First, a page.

Our Stories Matter: A Reflection for Women’s History Month
You may have noticed that March is National Women’s History Month. If this is the first you’re hearing of it, the good news is that you know now and that it’s never too late to learn about, recognize, and celebrate the incredible wealth of both well-known and everyday women leaders, movers and shakers.
As a self-professed history nerd myself, I jump at any chance to share my passion for learning about the past and why it matters. I make the case that it is absolutely crucial and life-changing to know our own stories, to see ourselves reflected in the world around us, and to radically create space for others – people of all genders, ethnic and racial identities, national origins, abilities, sexual orientations, socioeconomic statuses – to share their histories and see themselves reflected back in the narratives we tell about who we are as a community and as a nation.
History – and its telling – has immense power both to connect us to others and to help us to feel secure and validated in our understanding of the person that we are and the ways that we move in the world. When we don’t see ourselves reflected in the national narrative, in the history books, and in the list of authors (more often than not, Western, White male authors) that we read in our high school Lit classes, we risk feeling invisible, untethered and worried that maybe we don’t belong. We risk assuming that the stories and identities of others are merely inconsequential “sidebars” to the greater history of people with more privileged identifiers whose voices seem to be valued so much more.
Women are not the only population that has been ignored by our problematic public and private education. Black, Brown, Non-Caucasian, Immigrant, and LGBTQIA+ people, Disabled, Young and Older people, people with less access to financial resources – all form communities too often pushed to the sidelines by the ways that history is recorded and conveyed in our country. No wonder I hear time and time again from folx that, in their opinion, History was *gasp* the most boring, least relevant subject in school!
In the field of domestic violence and the movement to end partner abuse, history has often been recounted and written in less conventional ways. The Battered Women’s Movement originated with survivors of domestic violence mutually sharing their stories with and stepping in to support other survivors of abuse. This holds true for the Feminist Movement at large, when women often began organizing by sharing their own stories of oppression with each other. Power blossomed from the shared experiences and empathy fostered within the safe spaces of those initial talking groups.
At the same time, feminist historians focused their efforts on writing histories that centered women’s contributions and lived experiences. Unfortunately, because of the historic and systematic disenfranchisement of women – and even more pronounced for poor, migrant, queer, disabled, and/or women of color – it was at times difficult for historians to piece together these histories and to bring to light what had for so many years been subsumed under supposedly “more important” histories centered around men’s experiences.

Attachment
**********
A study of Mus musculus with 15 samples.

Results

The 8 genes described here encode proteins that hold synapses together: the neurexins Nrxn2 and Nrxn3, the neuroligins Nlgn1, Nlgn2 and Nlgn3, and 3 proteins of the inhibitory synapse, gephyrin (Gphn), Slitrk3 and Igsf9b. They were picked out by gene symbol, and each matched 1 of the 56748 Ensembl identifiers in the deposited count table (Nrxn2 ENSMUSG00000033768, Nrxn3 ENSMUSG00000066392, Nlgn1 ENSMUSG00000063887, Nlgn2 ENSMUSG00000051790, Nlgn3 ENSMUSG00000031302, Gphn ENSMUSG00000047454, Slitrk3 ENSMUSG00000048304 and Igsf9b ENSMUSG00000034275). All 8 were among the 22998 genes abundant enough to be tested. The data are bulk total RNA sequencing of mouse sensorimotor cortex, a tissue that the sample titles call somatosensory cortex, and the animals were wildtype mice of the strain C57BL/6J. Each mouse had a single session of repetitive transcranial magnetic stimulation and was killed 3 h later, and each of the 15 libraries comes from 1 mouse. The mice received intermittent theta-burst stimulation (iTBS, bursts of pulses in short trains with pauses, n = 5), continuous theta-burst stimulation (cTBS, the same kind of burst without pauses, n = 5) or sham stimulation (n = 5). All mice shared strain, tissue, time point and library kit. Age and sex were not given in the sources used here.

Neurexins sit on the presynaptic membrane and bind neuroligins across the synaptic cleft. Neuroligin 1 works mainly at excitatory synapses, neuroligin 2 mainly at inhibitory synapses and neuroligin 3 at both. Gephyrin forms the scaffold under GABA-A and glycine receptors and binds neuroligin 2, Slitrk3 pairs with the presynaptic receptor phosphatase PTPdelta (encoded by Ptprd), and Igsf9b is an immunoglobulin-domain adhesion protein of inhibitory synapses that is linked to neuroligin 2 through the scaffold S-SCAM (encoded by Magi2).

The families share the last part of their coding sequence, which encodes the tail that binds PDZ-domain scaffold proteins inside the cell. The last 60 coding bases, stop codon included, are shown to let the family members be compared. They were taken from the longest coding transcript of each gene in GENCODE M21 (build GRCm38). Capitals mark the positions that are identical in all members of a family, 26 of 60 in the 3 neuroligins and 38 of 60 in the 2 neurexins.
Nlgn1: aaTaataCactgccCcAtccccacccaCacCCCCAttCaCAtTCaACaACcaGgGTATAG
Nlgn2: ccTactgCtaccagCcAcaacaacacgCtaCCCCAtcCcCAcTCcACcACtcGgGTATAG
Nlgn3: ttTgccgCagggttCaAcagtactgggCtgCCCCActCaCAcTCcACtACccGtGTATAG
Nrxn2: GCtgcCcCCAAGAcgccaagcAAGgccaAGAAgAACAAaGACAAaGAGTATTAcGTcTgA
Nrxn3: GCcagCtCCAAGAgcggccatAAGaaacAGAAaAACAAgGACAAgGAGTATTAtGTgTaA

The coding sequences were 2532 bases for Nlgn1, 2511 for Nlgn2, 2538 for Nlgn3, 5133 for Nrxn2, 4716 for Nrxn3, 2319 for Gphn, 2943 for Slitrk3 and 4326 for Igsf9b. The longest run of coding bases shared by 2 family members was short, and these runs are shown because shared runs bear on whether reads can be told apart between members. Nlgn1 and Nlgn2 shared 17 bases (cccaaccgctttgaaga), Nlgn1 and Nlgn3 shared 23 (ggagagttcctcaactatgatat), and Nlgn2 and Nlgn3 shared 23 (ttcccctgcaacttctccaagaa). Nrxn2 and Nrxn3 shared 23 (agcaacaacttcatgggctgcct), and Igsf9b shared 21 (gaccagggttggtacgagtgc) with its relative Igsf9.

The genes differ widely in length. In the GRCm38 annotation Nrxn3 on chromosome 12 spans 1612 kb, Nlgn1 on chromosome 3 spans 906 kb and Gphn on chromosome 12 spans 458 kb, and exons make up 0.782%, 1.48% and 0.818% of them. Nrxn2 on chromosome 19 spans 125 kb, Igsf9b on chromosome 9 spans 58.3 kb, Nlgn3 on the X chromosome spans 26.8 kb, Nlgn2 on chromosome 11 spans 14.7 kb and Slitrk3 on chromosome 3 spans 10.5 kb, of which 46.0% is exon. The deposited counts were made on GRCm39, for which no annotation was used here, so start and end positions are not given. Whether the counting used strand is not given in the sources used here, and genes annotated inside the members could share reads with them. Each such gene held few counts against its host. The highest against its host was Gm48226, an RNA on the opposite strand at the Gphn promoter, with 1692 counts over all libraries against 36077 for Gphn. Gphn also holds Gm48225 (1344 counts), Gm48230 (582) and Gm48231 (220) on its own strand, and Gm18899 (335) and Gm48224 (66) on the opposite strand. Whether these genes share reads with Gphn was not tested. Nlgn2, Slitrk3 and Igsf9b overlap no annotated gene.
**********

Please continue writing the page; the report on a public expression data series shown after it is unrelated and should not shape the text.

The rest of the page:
Historians often rely on written records – legal and other public documents, letters that have been preserved, and so on – to make up the foundation for their historical theses. For historically disenfranchised groups who had less access to owning property, attaining literacy, legal marriage, or whose letters and diaries were not considered valuable enough to preserve and pass on, there can be alarming gaps in what is known as the “historical archive.” Of course, this does not mean that for all that time women were simply, “not doing anything interesting.” Rather, it means that, as conscious readers, media-consumers, storytellers, and students of life, we must dig deeper, consider diverse and unconventional historical sources, such as oral histories, and, when all else fails, at a minimum we can imagine what those stifled narratives may have been.
Studying histories of domestic violence and survivors’ responses to abuse can be challenging, but not impossible. Historians have pieced together the stories of numerous women attempting to use the legal system to separate from an abusive spouse using court testimonies and other documents. They can also study the history of activism and legislation that either did, or did not, make varying degrees of domestic violence, sexual assault, and marital rape illegal. Sadly, the archive falls more silent when it comes to same-sex relationships and the occurrence of abuse against male survivors. Few public records exist to illuminate these stories, though again, nonexistent records do not mean that those histories do not exist.
Returning to the present, telling one’s “history,” – or, shortened, one’s story – remains an essential step for many trauma and abuse survivors along their path of healing. Typically, our services with a client begin with them sharing their experiences of abuse during their first appointment with an advocate or counselor. Sometimes, this is the first time that they have disclosed these stories to anyone. In other instances, they have but were met with judgment and blame. If you were to ask me what I believed to be the foundation of our work at Sarah’s Inn to support survivors, I would answer that it is the way that we offer a safe space that, if they choose to open up to us, allows our clients to tell their history, and instead of finding judgment or doubt, they find that we believe them.
If you’d like to learn more about Women’s History Month and Sarah’s Inn, keep an eye out for our upcoming podcast later this month to hear directly from our team: myself, Our Training and Education Director, Colleen, and our Volunteer and In-Kind Coordinator, Mariam, as we discuss what Women’s History means to us.